Kellyanne Conway, counselor to President Donald Trump, defended the first lady from the criticism she received after wearing stilettos en route to Texas this week for a briefing on Hurricane Harvey relief efforts with her husband.
After Melania Trump was photographed boarding Air Force One in what appeared to be Manolo Blahniks, Twitter critics and several media outlets issued swift condemnation.
“And here we have Melania Trump modelling what NOT to wear to a hurricane: 5-inch stilettos. How out of touch can you be?” tweeted progressive organiser Holly O’Reilly.
Conway responded to the controversy on “Fox & Friends” on Thursday morning.
“Woman to woman, what did you think of the mainstream media making such a big deal of Melania’s shoes instead of the flood victims and the president being there?” co-host Ainsley Earhardt asked.
“Look, we saw what was in the President’s and First Lady’s hearts that day, not what was on their feet,” Conway said, adding that Melania changed into sneakers before arriving in Corpus Christi. “By the way, she didn’t wear those shoes down in Texas, she wore them onto the plane and, by the way, she can wear whatever she wants.”
Conway, who often criticises the media and the left for what she calls sexist treatment and has called herself an “anti-feminist,” argued that the reaction to Melania’s footwear exposes the hypocrisy of feminists.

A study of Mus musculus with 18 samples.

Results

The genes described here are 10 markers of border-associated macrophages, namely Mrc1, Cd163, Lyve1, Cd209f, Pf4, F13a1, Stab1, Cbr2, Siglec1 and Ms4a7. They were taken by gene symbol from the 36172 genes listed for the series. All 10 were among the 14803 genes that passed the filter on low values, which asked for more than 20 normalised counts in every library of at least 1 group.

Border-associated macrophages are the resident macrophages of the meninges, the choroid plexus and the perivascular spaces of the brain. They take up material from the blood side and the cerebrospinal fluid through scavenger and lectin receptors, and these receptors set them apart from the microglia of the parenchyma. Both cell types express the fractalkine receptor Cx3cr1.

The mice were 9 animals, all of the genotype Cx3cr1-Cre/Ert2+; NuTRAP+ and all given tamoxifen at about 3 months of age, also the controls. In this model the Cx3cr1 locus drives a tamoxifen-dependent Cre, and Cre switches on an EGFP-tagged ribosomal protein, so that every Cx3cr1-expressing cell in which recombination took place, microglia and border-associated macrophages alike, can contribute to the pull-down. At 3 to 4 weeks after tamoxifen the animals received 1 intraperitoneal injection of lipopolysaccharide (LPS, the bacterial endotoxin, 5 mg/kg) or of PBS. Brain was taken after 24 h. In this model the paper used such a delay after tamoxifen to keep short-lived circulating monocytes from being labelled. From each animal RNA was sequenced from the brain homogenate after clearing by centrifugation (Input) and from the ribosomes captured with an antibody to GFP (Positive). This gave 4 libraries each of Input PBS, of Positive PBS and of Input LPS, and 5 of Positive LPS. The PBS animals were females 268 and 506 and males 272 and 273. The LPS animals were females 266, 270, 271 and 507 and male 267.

“This is what cracks me up about the feminists — ‘I’m a free thinker, I’m an independent, nobody tells me what to do,'” Conway went on. “They get upset if someone says, ‘you’re wearing a pretty dress’ or calls you ‘honey,’ but they have judgment end on end.”
The first lady’s spokeswoman, Stephanie Grisham, told reporters on Tuesday that the controversy was “sad.”
“It’s sad that we have an active and ongoing natural disaster in Texas, and people are worried about her shoes,” she said.
But others say the first lady’s shoe choice — as all of her fashion choices — will, whether she likes it or not, be evaluated for meaning.
“It is precisely the superficial nature of clothing, the fact that garments are immediately accessible to all, that makes them the go-to stand-in for more nuanced, complicated emotions and issues,” wrote New York Times fashion critic Vanessa Friedman. “Mrs. Trump’s heels, after all … are redolent of a certain clichéd kind of femininity: decorative, impractical, expensive, elitist (all adjectives often associated with the brand ‘Trump’).”